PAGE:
Spence’s Viral Sparring Partner Macalolooy Returns On March 16

You have seen Jacob Macalolooy, you just probably didn’t know it. 

Macalolooy will return to action on March 16 at the Fox Theatre in Redwood City, California as part of a Westside Promotions card.  

The viral sensation was all over the internet when he helped Errol Spence Jr. prep for Manny Pacquiao. Macalolooy was the man in the famous video who gave Spence honest work before Spence had an eye injury that forced him out of the aforementioned Pacquiao contest. 

World champions proclaimed him as a phenom without knowing his name and that was was all before he had his first pro-fight.

Macalolooy showed the poster of Spence and Crawford and explained why it meant so much to him.

“This poster means so much to me, because I have gotten to spar both of them, and they are two of the best welterweights in my weight class – both times I was brought in to mimic Manny Pacquiao,” said Macalolooy, fondly. “The joke was I was sort of a trader to the Filipinos to help them beat Manny.

“I was only with Crawford for two weeks before his fight fell through, but I was out in Dallas for seven weeks with Spence. I logged 84 rounds with Spence. To be able to say I sparred with both of those guys and got that work and felt I could hang with them, it makes that poster that much more special.”

Macalolooy went to Columbia University, an Ivy-league school for wrestling and in the same class as Harvard, Princeton, and Yale. It is different from what one usually sees on the CV of a professional boxer.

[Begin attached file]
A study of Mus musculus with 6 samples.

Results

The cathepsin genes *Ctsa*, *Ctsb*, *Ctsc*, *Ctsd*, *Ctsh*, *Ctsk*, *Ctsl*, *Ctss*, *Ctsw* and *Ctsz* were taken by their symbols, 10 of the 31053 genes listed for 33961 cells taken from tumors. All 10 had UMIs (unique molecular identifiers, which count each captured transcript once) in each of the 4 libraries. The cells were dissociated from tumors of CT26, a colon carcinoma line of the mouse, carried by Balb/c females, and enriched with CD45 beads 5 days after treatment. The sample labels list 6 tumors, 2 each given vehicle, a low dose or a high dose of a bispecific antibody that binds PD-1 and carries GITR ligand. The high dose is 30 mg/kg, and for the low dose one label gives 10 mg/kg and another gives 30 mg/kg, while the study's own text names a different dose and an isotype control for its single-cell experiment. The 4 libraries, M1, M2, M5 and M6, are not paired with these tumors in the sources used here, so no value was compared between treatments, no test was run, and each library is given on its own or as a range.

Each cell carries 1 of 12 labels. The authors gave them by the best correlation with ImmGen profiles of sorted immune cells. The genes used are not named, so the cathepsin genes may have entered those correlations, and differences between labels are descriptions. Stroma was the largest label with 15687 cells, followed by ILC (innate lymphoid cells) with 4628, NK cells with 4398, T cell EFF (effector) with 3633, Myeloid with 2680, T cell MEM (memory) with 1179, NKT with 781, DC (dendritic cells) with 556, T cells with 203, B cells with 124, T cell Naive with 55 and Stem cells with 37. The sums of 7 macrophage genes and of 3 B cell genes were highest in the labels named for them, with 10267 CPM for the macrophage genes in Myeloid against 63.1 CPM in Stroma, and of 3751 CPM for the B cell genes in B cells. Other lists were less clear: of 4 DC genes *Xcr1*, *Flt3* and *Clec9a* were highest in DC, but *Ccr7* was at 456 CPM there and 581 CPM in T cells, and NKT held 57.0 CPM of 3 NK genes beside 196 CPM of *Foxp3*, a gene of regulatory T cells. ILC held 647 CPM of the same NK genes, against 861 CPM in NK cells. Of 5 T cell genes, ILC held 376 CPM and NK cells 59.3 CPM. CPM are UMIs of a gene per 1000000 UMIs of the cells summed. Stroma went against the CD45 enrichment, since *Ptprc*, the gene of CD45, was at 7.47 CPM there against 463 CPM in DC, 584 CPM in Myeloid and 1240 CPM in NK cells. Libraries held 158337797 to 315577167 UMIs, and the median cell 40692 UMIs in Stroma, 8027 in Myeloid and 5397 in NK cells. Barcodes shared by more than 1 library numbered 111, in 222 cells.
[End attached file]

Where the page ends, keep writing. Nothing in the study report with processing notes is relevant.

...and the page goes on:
The 28-year-old southpaw welterweight is 8-0, with 5 KOs.

“I grew up doing martial arts and wrestling, and I never had any aspirations to wrestle in college until my junior year and getting those college offers. Then I ended up committing to wrestle for Columbia University.

“When I went to college, I knew the Olympics was already out of the cards for me. I was in college at Columbia watching the Rio Olympics and I got that itch. If I am not quite at that level for wrestling, I think these boxers could come catch these hands.”

So why not MMA if he could do both?

His goal was to graduate in 2018, then qualify for the 2020 Olympics for the US but the plan got derailed. He ended up finding a home in The Arena, a gym in San Diego, California. Originally he sought the gym out for MMA purposes, but Macalolooy found himself enamored by the boxers and teachings of Basheer Abdullah.

“I moved out of New York in 2018,” Macalolooy added. “I came home for the summer, and then by August I moved to San Diego, which had always been my plan to start my fighting career down in San Diego. My uncle was a professional fighter who fought out of San Diego.

“I started out doing MMA. I slowly started creeping my way over to the boxing side of the gym. I knew coach Basheer Abdullah, former head coach for Team USA. He coached Andre Ward in his Olympic gold medal match, and I started getting in his ear. Coach loves to tell the story that he thought I was just some MMA guy and didn’t have the skills, but eventually he let me spar with some of his guys and he saw something in me, and he was like, ‘Okay, maybe I can work with that’.”

Macalolooy is from a fighting family. His grandfather was a boxer in the Philippines. His father started his gym in his grandparents garage in 1997. 

“There’s tons of talented people out there that just don’t grow up with the same privilege, honestly,” he concluded. “I can’t say I grew up super privileged, but I did have parents who provided for me, and a whole community that built me up into the person I am today.”